Merriam-Webster’s online dictionary describes story as “an account of accidents or events.” But, I think I learned in my sixth grade free-write that not every story has to be completely fleshed out to be a good story. A story may have very little plot, but still act to inspire the reader in some way.
When I wrote during those few minutes in sixth grade, I did not write a story. I wrote a feeling. I wrote a photograph. I couldn’t even call it a vignette, because a vignette would have some sort of broader context.
But since then, I’ve learned to be able to attach a feeling, a moment like this, to a story. In a vignette I wrote called “First Snow in the Mountains,” I was able to craft a moment that had the context that was missing when I wrote in sixth grade. It took me eight years, a lot of reading, and some excellent teachers and mentors to be able to do this, but it showed the progress I had made as a writer.
Why does this matter to me (or to you, dear reader)?
It matters because it shows the impetus behind my writing. Namely, that I believe writing should make a reader feel and then motivate them to act.
(Disclaimer: I don’t claim that my writing does this, but I sure hope it does.)
In my understanding of Buddhist metaphysics, the Buddhist worldview describes people as the result of infinite causes and conditions. Human-beings, each one of us, are only who we are right now because of all of the other happenings that have brought us to this present moment. Whether that be our birth, the decision of our parents to move to a certain place at a certain time, or any number of other events and decisions, these moments have made us who we are. This is not only true of you, but also of me, and also of every other person, place, and thing with which we have ever interacted. The way I have heard this described is “independently co-arising.” We are all becoming, and this process is our own, but unavoidably linked to the goings-on around us.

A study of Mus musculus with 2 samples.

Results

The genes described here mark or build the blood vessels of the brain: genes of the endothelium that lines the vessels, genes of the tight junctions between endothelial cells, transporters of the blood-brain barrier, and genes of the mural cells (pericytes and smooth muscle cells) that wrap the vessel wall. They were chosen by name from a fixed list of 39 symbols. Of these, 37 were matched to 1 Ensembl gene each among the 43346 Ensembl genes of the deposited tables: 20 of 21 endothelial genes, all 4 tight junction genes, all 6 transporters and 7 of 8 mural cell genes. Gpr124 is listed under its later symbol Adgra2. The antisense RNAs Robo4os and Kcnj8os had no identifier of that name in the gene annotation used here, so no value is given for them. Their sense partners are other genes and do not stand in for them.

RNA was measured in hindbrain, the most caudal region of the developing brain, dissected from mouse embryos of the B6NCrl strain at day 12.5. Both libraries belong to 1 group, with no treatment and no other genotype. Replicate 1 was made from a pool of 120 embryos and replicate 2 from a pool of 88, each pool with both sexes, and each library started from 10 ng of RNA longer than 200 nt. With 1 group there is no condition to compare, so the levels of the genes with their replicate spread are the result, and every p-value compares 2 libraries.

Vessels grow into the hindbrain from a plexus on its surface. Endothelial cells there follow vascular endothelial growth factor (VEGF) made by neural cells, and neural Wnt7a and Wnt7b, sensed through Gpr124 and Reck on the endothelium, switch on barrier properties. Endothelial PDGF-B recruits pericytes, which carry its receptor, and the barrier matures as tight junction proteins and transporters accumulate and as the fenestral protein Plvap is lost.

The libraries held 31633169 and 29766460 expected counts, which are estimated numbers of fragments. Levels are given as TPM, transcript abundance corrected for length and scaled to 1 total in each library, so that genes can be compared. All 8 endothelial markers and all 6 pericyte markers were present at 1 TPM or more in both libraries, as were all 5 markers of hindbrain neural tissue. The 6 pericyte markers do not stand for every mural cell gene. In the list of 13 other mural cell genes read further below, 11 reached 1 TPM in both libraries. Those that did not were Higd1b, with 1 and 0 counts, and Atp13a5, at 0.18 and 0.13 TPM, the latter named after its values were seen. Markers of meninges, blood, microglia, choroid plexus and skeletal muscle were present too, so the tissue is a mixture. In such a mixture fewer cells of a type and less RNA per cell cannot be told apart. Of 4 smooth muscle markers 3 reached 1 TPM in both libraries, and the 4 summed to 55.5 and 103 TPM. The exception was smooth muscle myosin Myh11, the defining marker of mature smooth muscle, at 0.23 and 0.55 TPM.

If this is true (and I believe it is) then that also explains our place in the world. By that I mean that it gives us the beginnings of purpose. Your own philosophical, metaphysical, sociological, and religious beliefs will all contribute to this purpose, but at our most base we all affect one another. Our stories have an impact on those around us.
Writers (narcissistic breed that we are) have the unique opportunity to have an impact well beyond anyone we will ever meet. As such, I believe that we have the implicit responsibility to craft something that makes the world a better place. The most effective way to do this, in my opinion, is to make a reader feel something that prompts them to act. I think stories are one of the best ways to do that.
(Wow, that was a lot of opinion there. Feel free to post alternative opinions in the comments)
The best stories that I have read made me feel something and made me want to do something. When I wrote in sixth grade I was writing about a feeling, but what I wrote did not prompt me to want to do anything. I doubt anyone who read it would have felt differently.
All that said, I think I have come a long way in my writing. I think you see some of that development on this blog. But I couldn’t have done that without help. As a writer, and as a future educator, I hope to be able to inspire people. That’s what that is called right? When you feel something that causes you to take action? Surely that is a decent definition of inspiration. Hopefully, I will help others to rise to something greater.